At the swell of ominous strings and the fade in of an overwhelming establishing shot of the New Mexico desert landscape, it was clear to me that watching Paul Thomas Anderson’s period drama There Will Be Blood on a 13-inch laptop screen was not exactly ideal. Months later this was suitably rectified after attending a 35mm presentation of what turned out to be a life changing cinematic experience, yet the film’s lasting power lies in the themes of greed, obsession and the isolation that comes as a result.
Daniel Day Lewis won his second Oscar portraying oil prospector Daniel Plainview – amongst nearly every other accolade under the sun, and deservedly so. Plainview represents the toxic nature of competitive individualist interests – arguably the inherent backbone of US capitalism – as he swindles, humiliates and eliminates anyone who poses a threat to his self-made success and growing empire. He takes advantage of small-town naivety and uses any potentially meaningful relationship in his life as a pawn in his never-ending quest for profit. When one of his workers perishes in a drilling accident, he adopts their orphaned child whom he makes his “business partner” to present himself as a family man in appealing to investors. After years of success with his “family business”, Plainview attempts to purchase a farm after learning of an untapped oil reserve beneath. It is here that he encounters his nemesis in the form of preacher and self-righteous prophet Eli Sunday (Paul Dano), who uses similarly manipulative tactics to cement his status as a healer and “vessel of the Holy Spirit”. Both characters are antagonists in their own story and will remain at odds in terms of moral superiority and power of influence.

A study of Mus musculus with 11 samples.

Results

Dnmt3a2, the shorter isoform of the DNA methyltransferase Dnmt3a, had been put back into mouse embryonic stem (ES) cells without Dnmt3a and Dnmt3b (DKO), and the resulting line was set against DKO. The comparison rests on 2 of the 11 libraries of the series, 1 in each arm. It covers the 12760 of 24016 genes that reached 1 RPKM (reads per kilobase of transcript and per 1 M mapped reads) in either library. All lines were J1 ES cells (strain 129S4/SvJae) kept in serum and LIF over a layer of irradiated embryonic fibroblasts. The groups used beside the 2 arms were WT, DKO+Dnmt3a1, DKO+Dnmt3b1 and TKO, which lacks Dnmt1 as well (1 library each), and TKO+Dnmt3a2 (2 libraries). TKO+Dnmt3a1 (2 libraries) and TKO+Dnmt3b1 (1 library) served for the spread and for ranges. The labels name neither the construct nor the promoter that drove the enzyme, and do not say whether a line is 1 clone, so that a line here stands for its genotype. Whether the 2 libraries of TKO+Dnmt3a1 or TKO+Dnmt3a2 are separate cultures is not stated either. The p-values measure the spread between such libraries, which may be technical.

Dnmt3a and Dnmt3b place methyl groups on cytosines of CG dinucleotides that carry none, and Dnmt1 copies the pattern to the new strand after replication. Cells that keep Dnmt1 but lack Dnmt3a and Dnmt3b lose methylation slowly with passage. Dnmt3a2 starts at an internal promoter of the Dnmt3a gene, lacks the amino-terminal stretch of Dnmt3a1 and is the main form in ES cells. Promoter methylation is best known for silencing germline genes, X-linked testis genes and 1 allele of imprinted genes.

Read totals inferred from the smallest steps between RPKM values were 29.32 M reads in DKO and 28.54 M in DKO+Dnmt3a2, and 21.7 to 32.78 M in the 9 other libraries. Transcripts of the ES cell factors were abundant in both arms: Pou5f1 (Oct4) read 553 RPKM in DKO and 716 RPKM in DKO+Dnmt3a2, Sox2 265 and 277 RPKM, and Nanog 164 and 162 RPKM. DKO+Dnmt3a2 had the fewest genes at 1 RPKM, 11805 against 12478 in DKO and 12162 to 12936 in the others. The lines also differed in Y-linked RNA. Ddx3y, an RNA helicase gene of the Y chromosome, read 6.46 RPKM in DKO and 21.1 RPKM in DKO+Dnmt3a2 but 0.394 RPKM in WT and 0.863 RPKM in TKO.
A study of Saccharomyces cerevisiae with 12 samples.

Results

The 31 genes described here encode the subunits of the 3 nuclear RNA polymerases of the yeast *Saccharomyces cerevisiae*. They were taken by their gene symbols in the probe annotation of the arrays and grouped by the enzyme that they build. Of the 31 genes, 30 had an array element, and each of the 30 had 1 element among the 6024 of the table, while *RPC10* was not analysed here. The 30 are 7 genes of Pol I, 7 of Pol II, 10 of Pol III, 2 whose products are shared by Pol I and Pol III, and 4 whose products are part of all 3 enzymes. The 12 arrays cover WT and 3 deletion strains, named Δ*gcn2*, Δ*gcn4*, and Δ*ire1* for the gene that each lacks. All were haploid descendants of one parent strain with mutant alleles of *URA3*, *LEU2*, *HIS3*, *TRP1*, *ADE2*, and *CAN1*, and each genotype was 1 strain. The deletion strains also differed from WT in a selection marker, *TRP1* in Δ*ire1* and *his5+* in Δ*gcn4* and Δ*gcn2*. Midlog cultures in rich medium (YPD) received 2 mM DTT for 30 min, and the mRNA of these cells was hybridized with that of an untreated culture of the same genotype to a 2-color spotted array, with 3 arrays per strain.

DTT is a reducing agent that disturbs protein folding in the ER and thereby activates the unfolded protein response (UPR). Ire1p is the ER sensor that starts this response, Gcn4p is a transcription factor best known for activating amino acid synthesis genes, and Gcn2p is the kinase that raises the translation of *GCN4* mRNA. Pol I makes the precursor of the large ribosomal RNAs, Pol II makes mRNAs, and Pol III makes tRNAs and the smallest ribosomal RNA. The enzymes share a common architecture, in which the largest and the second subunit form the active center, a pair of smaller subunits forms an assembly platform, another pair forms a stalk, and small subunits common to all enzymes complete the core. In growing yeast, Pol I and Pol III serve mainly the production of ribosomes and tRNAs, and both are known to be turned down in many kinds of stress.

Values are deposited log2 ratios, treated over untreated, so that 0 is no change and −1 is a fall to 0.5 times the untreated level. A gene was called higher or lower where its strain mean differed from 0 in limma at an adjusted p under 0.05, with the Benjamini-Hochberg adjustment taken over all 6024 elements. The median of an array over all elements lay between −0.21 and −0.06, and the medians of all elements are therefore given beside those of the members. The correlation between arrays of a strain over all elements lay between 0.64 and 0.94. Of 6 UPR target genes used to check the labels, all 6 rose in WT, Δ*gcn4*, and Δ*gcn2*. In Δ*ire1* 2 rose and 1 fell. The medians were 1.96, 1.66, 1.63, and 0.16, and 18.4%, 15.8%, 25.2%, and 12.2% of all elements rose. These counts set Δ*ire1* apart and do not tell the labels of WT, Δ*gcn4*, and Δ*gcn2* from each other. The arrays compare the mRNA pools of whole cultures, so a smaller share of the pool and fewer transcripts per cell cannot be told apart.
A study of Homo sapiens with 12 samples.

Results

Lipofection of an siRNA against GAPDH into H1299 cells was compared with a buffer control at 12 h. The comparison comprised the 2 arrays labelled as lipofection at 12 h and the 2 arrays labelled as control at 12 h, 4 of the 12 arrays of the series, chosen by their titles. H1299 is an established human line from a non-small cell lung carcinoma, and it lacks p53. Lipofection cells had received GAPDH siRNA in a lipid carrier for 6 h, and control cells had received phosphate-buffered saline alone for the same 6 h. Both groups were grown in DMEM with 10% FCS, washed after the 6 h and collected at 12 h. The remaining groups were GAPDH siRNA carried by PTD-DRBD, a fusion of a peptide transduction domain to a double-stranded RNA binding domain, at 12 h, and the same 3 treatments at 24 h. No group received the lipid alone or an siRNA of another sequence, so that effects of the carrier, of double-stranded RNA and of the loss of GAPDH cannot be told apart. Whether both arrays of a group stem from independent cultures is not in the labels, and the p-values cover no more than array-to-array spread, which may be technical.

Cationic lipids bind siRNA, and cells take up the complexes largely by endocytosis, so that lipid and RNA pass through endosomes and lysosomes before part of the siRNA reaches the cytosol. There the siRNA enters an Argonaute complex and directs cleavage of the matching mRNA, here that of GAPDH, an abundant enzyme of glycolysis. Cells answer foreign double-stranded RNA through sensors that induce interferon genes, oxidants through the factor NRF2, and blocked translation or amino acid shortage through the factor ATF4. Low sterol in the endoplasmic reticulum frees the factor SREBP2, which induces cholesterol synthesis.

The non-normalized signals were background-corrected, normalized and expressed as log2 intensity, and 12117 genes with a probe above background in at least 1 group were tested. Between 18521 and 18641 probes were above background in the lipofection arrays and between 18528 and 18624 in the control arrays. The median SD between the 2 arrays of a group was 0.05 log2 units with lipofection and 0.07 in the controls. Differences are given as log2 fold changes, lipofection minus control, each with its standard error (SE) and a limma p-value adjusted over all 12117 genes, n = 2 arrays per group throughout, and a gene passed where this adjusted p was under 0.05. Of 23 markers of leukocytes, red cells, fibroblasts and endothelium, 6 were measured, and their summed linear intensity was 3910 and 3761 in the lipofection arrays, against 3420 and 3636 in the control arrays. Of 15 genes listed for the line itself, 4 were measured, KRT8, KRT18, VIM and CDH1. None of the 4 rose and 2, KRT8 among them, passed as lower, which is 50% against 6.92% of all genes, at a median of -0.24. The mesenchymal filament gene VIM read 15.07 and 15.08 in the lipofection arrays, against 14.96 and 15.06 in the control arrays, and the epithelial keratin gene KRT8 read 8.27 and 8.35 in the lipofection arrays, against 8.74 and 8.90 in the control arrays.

Longstanding Anderson collaborator Robert Elswit won an Oscar for Best Cinematography and gives every shot the look and feel of a period photograph or oil painting, with a strong focus on dust, oil and flames that evoke the claustrophobic and dangerous working conditions of drilling. Jack Fisk’s exquisite production design celebrates the sparse environment of the period with rudimentary wooden churches, train stations and cabins scattered amongst vast landscapes of desert and dirt roads, making us mindful of the environmental impact of the subject matter and mass industrialisation.
This is composer Jonny Greenwood’s first collaboration with Anderson that has extended to every consecutive release since. Greenwood utilises pre-existing classical pieces with original avant-garde compositions using period instruments, dissonant strings and off-kilter percussion to instil tension and unease influenced by the work of Krzysztof Penderecki and the minimalism of Steve Reich. The resulting discord of these elements appropriately compliments the spectacle onscreen whilst alluding to the scheming self-serving psyche of the emotionally inaccessible and profoundly unhinged Plainview.
By the end of the film all of Plainview’s self-made success proves meaningless in the face of his limitless greed and ugly contempt for humanity as he sits drunkenly slumped in his empty bowling alley. His only company is his elderly butler and the corpse of a man foolish enough to humble himself to him, now lying in a pool of blood the title promises.